Central Bank Interest Rates
On a macro level, there is a no larger influence in exchange rate values than central banks and the interest-rate decisions they make. In a general sense, if a central bank is raising interest rates, that means that their economy is growing and they are optimistic about the future; if they are cutting interest rates that means their economy is falling on hard times and they are skeptical of the future. This type of visualization may be overly simplified, but it usually is the way central banks respond to changes in their economies.
The complication comes in when traders try to anticipate what the central banks are going to be doing with rates. If traders expect an interest rate hike, they typically begin buying that currency well before the central bank is scheduled to make the decision, and vice versa if they expect the central bank to cut rates. However, if said central bank fails to do as traders expected, the reaction can be quite violent as traders exit their preconceived positions.
Since the Great Financial Crisis of 2008, most of the major central banks have administered policies of more communication to more effectively signal to the market their intentions for the near future. If a central bank is telling you that they may raise interest rates sooner rather than later, it might be a good time to buy that currency.
Central Bank Intervention
Sometimes the value of a currency can inflict undue harm on an economy so much so that the nation’s central bank feels the need to step in and directly influence the value in its favor.
For instance, a nation that is dependent upon exports, like Japan, doesn’t want to see its currency gain too much value. This chart of the price of a DVD player helps visualize that relationship:
Exporters in Japan would rather see the USD/JPY (U.S. Dollar/Japanese Yen) at 120 than 80 as they would be making much more money for their product. Otherwise, they would have to increase the selling price of their product which could negatively affect the amount sold. This creates quite a dilemma for exporters, particularly when their currency is appreciating.
To counteract their currency appreciating wildly, central banks can exert their influence by flooding the market with their currency by releasing previously unavailable monies (reserves) and making them available to the public. The increase in the amount of currency available dilutes the value of the money already available and the currency naturally devalues.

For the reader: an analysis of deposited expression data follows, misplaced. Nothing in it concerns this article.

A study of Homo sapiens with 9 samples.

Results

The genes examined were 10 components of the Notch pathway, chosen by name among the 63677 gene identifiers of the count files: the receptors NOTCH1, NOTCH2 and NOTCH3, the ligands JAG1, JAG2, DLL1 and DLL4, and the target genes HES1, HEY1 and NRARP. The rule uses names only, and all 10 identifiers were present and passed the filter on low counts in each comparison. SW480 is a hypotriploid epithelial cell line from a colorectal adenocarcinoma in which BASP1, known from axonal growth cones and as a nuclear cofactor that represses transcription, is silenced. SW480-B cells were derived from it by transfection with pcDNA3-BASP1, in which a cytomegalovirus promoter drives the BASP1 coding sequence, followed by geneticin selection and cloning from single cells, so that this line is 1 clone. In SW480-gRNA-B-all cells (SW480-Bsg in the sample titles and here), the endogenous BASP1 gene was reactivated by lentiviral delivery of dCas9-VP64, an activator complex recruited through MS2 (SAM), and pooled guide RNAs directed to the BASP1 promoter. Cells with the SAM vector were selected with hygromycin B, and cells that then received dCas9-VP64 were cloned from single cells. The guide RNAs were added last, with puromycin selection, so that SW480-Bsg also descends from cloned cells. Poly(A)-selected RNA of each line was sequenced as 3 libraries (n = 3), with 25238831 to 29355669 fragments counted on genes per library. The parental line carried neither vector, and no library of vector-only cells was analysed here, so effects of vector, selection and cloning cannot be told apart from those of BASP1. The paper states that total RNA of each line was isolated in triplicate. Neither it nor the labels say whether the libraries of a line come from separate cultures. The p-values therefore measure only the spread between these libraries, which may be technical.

Taking advantage of intervention is particularly challenging because unlike interest rate changes, intervention isn’t usually communicated to the masses until after it has occurred. However, there may be clues that intervention is about to be implemented, particularly if a central bank repeatedly states that its currency is historically overvalued. However, the timing of it is difficult to gauge and is usually a surprise.
The majority of the volume traded in FX options is for international business purposes, meaning that businesses can hedge the risk of currency value changes. However, a growing segment of the volume traded is going toward speculation.
Double No Touch (DNT) options are the specific type of option that interests FX traders the most. These types of options are usually placed on round numbers in popular currency pairs like the EUR/USD or USD/JPY and are often targeted by extremely liquid investors. If a currency pair moves quite a bit and it nears these psychological points of interest, sometimes it surges beyond that level and then retreats away from it just as quickly. Other times, the market gets close but never quite gets there before backing away from that level.
Fear and Greed
In their simplest forms, fear can turn a falling instrument into an all-out panic and greed can turn a rising market into a blind-buying spree.
The late 1920s is one of the more famous examples when buying anything and everything on Wall Street was in vogue. Greed was at an apex as the popular thought process would be that stocks would rise in perpetuity. Then Black Tuesday hit and fear led to the Great Depression.
The link between the two emotions can go the other way, too. The crisis in the Eurozone and, in particular, Greece, in the 2010s, led to the extreme selling of the EUR currency as fear dominated mainstream thought. Soon after, though, greed kicked in and drove the currency to levels that were detrimental to employment and inflationary dynamics, so much so that the European Central Bank had to force devaluation through a variety of market mechanics.
While it may be easy to point out the effects of fear and greed on markets after they have acted upon them, choosing the moment when they flip in the present is difficult.
Some news is planned and some aren’t, but both can move the market in very extreme ways. News that is scheduled is fawned over by many investors and can move markets on a regimented basis. For those contingencies, there is little investors can do. The only thing they can do is to manage their risk and hope that they do not suffer.
However, not all scheduled news events are market movers. Part of a trader’s job is to able to quickly recognize when the major market-movers are happening in addition to how to navigate them. For instance, as a general rule, employment reports from the major financial centers tend to move markets more than a manufacturing sales report, and a retail sales figure riles things up more than a monetary supply report.
The Economic Calendar is a great resource to help you determine which reports provide the most impact on the market. While not all-important news events like a Non-Farm Payroll release or a central bank monetary policy decision move the needle when their number is called, they have the highest probability of doing so, and knowing when the markets will move can be one of the greatest advantages you have as a trader.